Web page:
The death of the word has been greatly exaggerated

There’s the wonderful quote by Mark Twain (Samuel Clemens) that rumors of his death were “exaggerations.”   I wonder if this is something that has happened to the power of the written word.  I wonder if we have come to accept the notion that life has been reduced to postings on Facebook, Pinterest, YouTube or 10-second television sound bites to the degree that the written word in the form of essays and books is irrelevant, anachronistic, the domain only of the most academicians and other “intellectuals.”  Perhaps the death of the word has been exaggerated.

Perhaps the word is only badly injured, in intense need of rehabilitation, not altogether abandoned to the landfill of history.   Perhaps it will rise like Lazarus.  Because it is the word that makes us human.  And, as much as we may admire the great apes and the infinitesimal bacteria, as much as we are ashamed of what humans have done in the name of humanity, we should also be proud of what we are:  Thinking, choosing, curious beings.   Beings who can express complex and wonderful thoughts to each other.  Beings who can be moved by what we read, whose lives are affected by what we read.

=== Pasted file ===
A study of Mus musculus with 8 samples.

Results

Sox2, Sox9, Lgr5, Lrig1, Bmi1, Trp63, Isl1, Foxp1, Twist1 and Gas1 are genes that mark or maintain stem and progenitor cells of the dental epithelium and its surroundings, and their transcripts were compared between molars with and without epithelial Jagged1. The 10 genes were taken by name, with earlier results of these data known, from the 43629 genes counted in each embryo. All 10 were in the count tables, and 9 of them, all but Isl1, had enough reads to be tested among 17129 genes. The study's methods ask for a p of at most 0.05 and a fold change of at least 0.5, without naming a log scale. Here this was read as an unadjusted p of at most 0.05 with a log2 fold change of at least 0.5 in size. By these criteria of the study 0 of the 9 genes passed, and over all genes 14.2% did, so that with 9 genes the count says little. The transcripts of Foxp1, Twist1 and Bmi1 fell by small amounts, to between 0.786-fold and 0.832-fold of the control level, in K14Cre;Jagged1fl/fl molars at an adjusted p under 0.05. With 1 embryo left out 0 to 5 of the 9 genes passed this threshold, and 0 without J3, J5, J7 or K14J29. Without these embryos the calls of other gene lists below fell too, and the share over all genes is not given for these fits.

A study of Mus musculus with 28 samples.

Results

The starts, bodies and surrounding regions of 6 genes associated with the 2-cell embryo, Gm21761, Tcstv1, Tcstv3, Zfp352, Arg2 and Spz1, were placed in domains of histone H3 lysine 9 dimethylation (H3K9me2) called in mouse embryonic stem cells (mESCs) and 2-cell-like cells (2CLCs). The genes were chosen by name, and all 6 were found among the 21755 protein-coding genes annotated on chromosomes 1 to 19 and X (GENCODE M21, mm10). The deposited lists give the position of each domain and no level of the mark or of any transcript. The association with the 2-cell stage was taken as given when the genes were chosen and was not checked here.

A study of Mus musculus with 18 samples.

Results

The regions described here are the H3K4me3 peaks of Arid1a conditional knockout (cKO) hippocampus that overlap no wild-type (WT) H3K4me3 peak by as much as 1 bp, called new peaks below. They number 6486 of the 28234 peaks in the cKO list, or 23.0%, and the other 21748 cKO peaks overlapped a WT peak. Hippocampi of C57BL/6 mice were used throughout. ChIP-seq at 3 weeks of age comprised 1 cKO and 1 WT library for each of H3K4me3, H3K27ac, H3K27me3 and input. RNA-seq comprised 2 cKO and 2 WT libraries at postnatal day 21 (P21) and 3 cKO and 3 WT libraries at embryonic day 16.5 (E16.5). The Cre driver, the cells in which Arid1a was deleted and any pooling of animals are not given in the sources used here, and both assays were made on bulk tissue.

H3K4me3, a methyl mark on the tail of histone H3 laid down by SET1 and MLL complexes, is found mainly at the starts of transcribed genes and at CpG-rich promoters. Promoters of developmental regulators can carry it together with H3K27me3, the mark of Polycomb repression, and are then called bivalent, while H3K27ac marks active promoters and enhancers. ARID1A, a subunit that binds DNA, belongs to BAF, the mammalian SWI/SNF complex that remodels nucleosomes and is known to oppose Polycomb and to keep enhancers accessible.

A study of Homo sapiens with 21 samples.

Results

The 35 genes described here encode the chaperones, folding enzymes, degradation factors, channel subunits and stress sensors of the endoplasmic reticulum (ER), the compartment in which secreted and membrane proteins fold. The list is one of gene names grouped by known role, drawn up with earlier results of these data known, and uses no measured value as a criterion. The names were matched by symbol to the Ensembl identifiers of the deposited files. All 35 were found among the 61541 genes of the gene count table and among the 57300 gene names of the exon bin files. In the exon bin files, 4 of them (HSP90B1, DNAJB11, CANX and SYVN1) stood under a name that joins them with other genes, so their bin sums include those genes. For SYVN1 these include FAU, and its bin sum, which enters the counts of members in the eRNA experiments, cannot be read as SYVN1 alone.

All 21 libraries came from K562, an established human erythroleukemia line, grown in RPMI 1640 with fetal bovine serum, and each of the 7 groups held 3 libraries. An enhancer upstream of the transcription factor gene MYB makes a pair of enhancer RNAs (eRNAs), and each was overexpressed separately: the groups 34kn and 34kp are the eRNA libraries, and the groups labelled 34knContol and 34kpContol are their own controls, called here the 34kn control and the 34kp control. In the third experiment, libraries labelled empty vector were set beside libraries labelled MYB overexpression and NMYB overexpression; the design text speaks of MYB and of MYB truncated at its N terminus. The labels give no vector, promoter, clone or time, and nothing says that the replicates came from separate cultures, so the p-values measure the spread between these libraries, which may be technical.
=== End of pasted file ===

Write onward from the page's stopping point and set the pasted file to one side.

There will always be diversions, ways for us not to think.  Who can blame us?   There are plenty of good reasons not to think, not to dig beneath the surface of the reality presented to us.

But there will always people who do think, who have not given up, who have not stopped trying to figure out how to make better sense out of this world.

I guess that’s why I write.  And why I read.